My three and a half year old daughter absolutely adores the movie Frozen. It has eclipsed Cinderella and Tangled (a.k.a. Rapunzel) as her favorite. I think we must have watched it about 15 times in the month since it came out on Amazon instant video. It was the first movie she ever saw in the movie theater, so that's part of the fascination, but I think it's more than that. She really seems enchanted by the characters and the story. She wakes up most morning stating to me "I'm Anna and you're Elsa!" and wanting to pretend that she and I are the two sisters in the movie. She can sing the theme song "Let It Go" and frequently does, at the top of her lungs and slightly off-key. She repurposed one of the knitted toys I made her (a reversible doll) into an "Anna and Elsa" doll and has been asking for an "Olaf" (a snowman) knitted toy.
Which she'll probably get, eventually. I don't mind that this is her new favorite. There's a lot to like about this movie. I don't have the same enthusiasm for it that my daughter does but I haven't been tempted to hide the Kindle yet. The songs are fun, there's plenty of humor, nothing is crude, and of course the Disney artwork is visually appealing. It's a female-centric film in which women do most of the powerful and heroic deeds, which appeals to my feminist sensibilities.
My favorite part of the movie, though, is the central moral. The two major characters are orphaned sisters. Elsa, the oldest, has magic powers to create snow which she deeply fears and can't control. Her fear causes her to successfully avoid human contact, even to the extent of always wearing gloves, and to less successfully attempt to avoid any emotion. Her mantra, taught to her by her father, is "conceal, don't feel." This doesn't work and her powers grow steadily wilder and more frightening. Anna, the younger sister, is exuberant but desperate for human contact and seeks love and affection from anyone who will offer it. Her hunger gives a scheming prince an opportunity to take over the kingdom. In the end Anna saves both herself and her sister by giving up her chance to live in order to keep Elsa alive. She has learned that true love is placing someone else's needs before your own and through Anna's act of true love both sisters are saved. Elsa learns that love, not fear, is the way to tame her power.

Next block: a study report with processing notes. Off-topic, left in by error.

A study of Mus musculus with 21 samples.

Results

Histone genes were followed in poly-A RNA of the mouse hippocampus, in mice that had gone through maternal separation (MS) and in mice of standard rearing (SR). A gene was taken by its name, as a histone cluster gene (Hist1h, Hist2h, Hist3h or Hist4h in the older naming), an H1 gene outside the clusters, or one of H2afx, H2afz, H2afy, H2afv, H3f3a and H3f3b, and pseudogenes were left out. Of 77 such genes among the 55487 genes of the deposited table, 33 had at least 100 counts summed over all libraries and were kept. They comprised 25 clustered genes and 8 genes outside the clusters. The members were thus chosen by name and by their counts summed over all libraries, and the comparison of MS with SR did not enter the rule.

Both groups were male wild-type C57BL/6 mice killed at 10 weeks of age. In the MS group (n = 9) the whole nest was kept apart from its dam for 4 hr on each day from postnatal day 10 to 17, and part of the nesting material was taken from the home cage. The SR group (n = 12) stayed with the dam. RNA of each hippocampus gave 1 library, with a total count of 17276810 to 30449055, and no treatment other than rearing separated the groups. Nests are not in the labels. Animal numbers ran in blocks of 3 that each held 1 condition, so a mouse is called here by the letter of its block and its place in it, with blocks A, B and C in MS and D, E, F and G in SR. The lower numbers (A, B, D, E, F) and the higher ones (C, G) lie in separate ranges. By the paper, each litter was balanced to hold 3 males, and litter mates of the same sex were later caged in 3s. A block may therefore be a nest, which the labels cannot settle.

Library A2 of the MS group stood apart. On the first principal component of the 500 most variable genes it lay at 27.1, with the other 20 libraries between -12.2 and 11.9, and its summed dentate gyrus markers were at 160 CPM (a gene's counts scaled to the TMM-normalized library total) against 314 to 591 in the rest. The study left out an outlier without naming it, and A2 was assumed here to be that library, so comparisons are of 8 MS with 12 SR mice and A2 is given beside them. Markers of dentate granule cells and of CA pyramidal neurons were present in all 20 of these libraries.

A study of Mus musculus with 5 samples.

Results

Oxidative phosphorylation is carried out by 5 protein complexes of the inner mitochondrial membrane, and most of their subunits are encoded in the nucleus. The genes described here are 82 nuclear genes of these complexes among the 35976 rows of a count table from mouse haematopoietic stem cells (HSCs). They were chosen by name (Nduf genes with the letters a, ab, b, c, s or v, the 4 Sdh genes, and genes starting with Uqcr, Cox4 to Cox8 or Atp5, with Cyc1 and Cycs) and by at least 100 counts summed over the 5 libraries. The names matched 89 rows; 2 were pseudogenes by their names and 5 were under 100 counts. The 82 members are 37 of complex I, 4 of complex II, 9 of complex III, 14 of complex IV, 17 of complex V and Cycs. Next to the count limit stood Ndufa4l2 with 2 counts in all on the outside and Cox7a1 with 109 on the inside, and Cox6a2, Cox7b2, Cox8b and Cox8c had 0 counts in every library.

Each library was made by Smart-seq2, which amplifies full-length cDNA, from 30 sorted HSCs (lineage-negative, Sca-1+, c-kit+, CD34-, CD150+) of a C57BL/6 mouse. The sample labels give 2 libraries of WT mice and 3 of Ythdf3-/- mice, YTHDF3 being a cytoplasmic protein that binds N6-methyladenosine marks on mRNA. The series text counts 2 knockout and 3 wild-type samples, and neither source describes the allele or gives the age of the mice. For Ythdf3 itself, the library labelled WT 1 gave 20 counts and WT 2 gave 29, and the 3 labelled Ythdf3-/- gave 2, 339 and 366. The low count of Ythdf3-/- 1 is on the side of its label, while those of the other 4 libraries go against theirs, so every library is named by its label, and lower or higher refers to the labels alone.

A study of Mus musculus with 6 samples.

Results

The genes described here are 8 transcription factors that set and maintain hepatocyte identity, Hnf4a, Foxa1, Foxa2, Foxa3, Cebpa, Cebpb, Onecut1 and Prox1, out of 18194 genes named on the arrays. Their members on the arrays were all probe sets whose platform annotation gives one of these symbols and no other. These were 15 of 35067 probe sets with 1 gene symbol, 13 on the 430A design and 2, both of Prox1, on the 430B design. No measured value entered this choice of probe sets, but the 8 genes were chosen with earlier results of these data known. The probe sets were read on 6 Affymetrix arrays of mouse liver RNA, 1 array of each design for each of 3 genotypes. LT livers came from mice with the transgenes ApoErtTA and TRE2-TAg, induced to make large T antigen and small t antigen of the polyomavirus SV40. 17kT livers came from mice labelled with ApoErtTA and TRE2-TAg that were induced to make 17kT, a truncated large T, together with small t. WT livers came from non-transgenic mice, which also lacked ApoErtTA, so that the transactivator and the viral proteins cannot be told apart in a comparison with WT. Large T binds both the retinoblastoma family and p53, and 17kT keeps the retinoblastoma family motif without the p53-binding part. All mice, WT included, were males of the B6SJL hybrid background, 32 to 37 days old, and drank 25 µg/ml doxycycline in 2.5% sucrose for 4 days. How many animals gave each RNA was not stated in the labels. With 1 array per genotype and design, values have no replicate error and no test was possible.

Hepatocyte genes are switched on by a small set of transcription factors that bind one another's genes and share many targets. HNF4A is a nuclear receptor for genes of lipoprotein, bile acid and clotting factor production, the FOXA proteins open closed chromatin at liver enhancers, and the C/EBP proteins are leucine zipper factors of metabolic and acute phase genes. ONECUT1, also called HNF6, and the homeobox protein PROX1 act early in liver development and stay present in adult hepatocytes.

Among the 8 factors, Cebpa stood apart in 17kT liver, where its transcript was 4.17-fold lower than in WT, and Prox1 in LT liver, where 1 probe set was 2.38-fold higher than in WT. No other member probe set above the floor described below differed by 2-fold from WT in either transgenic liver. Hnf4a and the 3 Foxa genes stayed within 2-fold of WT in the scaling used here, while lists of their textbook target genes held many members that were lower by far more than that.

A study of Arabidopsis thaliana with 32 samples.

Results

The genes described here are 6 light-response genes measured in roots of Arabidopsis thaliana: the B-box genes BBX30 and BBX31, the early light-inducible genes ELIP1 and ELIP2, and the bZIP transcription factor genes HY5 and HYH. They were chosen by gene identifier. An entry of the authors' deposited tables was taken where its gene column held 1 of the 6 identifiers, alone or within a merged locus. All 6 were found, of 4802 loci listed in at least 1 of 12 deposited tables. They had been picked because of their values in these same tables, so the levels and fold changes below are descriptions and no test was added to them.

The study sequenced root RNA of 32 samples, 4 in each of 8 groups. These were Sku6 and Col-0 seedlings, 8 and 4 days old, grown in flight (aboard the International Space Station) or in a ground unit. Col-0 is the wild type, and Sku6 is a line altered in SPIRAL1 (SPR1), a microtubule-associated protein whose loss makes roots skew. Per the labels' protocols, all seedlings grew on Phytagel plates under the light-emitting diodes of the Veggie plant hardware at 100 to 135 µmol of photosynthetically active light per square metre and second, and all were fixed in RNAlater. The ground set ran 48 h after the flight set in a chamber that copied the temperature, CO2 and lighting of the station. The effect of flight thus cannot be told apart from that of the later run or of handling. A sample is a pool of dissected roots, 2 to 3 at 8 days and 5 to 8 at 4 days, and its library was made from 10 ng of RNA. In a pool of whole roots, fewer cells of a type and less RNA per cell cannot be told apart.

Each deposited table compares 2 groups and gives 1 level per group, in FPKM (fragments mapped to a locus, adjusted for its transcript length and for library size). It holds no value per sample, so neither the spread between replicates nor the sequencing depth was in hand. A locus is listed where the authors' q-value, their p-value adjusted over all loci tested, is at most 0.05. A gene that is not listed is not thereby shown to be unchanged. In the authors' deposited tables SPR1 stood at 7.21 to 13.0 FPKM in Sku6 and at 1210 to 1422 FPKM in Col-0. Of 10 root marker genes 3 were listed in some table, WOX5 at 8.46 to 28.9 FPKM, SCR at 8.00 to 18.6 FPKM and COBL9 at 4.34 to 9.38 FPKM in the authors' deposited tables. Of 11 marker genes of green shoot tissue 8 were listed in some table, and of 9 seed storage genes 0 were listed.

I love this lesson. My daughter and have talked about it quite a lot in the past weeks, as we discuss the movie and why the characters do different things. We talk about the power of Anna's loving heart and how my daughter (and all of us!) can share that same power. We talk about what love is and how love is stronger than fear. I remind her that love can overcome fear.
I think this is really important, because I work with many fearful people. We live in a fearful and anxious society and many people try to use Elsa's strategy to manage their fears. They freeze inside, become rigid, close the gates of their homes and hearts and put all their energy into controlling what scares them. And sadly, they have about as much success as Elsa, which is to say none. Life becomes a cold prison of anxiety and fear management and there's no room for laughter, joy, adventure, fun or beauty. And the really horrible thing is, living this way is a cheat. It doesn't protect anyone from loss. It doesn't keep the feared things from happening. It just robs life of the brilliance that could balance out the sorrow.
It's about to be Easter again, the Christian holiday that celebrates the resurrection of Jesus. Easter celebrates the victory of love and life and the end of death and fear. When I put it together with the words Jesus spoke and the deeds he did Easter is a celebration but also an invitation and maybe even a dare to step out of fear and into love, to live brilliantly. And honestly, I think the invitation and the celebration are for everyone, each one of us, no matter what we do or don't believe. The gift is for everyone. There is no fear in love, and perfect love casts out fear. No one's heart has to stay Frozen.